In 1959, Pope John XXIII convened the Second Vatican Council. Unlike previous Church councils, this one was not convened in order to combat a heresy in the Church. Rather John XXIII believed it necessary for the Church to face the challenges of the modern world. Little did he know how challenging that modern world would become in the next few decades.
Many scholars believe that, out of all the documents produced by the Council, Lumen Gentium (Light for the Nations) is likely one of the most important. One thing to keep in mind when studying church documents such as this, is that the Church, with its 2000 year history, tends to move slowly. That is, even 50+ years later, Catholic (both religious and lay) are still mining the riches of Vatican II, including Lumen Gentium.
Douglas Bushman says that the document has four clear areas of theological interest:
1) As Christ is light for all the nations, so the Church is called to bring that light to all of mankind.
2) “Light for the nations” is a theme that links the Old and New Testaments. Jesus, the light of the world (Jn 8:12), fulfills Israel’s vocation to be light for the nations (Is 42:6 and 49:6), as Simeon proclaimed (Lk 2:32). This highlights the unity of God’s plan of salvation, Israel’s privileged place, and the fulfillment of the plan in Christ.
3) The Church relates to Christ as John the Baptist to Jesus. John is not the light; his mission is to bear witness to the light (Jn 1:7-9). So too, the Church exists in order to bear witness to Christ. The Church makes her own the spirituality of the Baptist, who said, referring to Jesus: “He must grow greater, I must grow less” (Jn 3:30).
4) The preaching and life of the Baptist caused the religious leaders to ask him: “What do you say of yourself” (Jn 1:22). This is precisely the question that the Church responded to at Vatican II: Ecclesia, quid dicis de te ipsa(“Church, what do you say of yourself?”). As John defined himself in relation to Christ, so does the Church.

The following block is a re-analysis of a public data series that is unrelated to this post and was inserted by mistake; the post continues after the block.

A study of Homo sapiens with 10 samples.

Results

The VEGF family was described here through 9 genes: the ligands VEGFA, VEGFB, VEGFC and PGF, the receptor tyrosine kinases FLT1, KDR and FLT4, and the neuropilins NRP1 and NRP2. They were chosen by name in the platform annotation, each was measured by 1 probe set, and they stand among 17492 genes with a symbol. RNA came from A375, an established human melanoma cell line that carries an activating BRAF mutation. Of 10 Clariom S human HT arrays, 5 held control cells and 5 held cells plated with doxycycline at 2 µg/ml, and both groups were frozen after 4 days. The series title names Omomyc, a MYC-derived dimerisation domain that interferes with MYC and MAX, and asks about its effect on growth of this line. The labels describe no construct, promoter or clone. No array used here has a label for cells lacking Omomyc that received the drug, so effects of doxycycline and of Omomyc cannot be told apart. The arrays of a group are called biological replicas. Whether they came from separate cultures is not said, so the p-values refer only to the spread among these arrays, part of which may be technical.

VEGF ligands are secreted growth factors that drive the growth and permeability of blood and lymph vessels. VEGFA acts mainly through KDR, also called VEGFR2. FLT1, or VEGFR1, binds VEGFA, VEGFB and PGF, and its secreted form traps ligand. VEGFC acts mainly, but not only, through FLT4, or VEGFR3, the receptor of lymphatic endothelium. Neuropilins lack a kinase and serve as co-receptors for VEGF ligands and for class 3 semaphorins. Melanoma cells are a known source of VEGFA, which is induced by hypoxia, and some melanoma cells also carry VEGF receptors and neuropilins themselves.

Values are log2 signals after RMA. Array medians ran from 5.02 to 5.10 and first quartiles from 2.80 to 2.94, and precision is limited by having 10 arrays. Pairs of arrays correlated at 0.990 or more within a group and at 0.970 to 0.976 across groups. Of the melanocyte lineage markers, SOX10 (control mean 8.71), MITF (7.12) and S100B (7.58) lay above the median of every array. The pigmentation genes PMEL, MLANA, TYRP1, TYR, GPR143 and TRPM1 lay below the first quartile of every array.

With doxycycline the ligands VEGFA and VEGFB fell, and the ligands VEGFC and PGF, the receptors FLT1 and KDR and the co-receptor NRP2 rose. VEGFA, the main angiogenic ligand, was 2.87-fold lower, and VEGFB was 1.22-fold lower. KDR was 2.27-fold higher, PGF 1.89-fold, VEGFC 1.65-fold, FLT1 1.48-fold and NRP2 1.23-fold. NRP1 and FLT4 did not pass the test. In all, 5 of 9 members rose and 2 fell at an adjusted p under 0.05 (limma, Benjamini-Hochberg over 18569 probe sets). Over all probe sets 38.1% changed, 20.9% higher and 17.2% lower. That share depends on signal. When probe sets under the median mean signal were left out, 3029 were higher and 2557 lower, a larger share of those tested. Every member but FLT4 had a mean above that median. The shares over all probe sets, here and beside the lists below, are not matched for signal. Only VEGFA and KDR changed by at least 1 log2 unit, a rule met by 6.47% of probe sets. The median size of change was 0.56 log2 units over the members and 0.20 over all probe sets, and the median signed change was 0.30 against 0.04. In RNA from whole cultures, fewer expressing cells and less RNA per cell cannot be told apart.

Let’s face it: reading Church documents like this can be intimidating. They are full of theological and philosophical language that most of us haven’t encountered since college, if ever. These documents have boatloads of references and footnotes. They are definitely not “lite” reading.
However, these documents are not just meant for priests or bishops. They are not musty, dusty writings hidden in deep Vatican corridors. They are meant for all of us. Again, when Pope XXIII convened Vatican II, he knew the Church was going to face many challenges. And he was right! As Catholics living in a time in history where Christians are heavily persecuted around the world, where the practice of the Catholic faith must go “underground” in many places, and where our most basic understanding of humanity, sexuality, Scripture and faith are challenged on a daily basis, all Catholics need to know what the Church teaches and how to convey that when necessary.
The opening paragraph of Lumen Gentium reads:
Christ is the Light of nations. Because this is so, this Sacred Synod gathered together in the Holy Spirit eagerly desires, by proclaiming the Gospel to every creature,(1) to bring the light of Christ to all men, a light brightly visible on the countenance of the Church. Since the Church is in Christ like a sacrament or as a sign and instrument both of a very closely knit union with God and of the unity of the whole human race, it desires now to unfold more fully to the faithful of the Church and to the whole world its own inner nature and universal mission. This it intends to do following faithfully the teaching of previous councils. The present-day conditions of the world add greater urgency to this work of the Church so that all men, joined more closely today by various social, technical and cultural ties, might also attain fuller unity in Christ.
This is what we are meant to do: bring the Gospel and the light of Christ to all nations. You and me: the ordinary folks who sit in the pew. This is not a document written for a bunch of cardinals; it’s meant for us. We MUST show the whole human race the light of Christ: with great urgency.
Maybe you’re not going to sit down tonight and read Lumen Gentium from one end to the other. But you should and can read it. Take it a paragraph at a time. Ask yourself, “How is God speaking to me here? What am I meant to do with this? If I truly believe that Christ is the light of the world, what can I do to make His light shine even brighter in my little corner of that world?”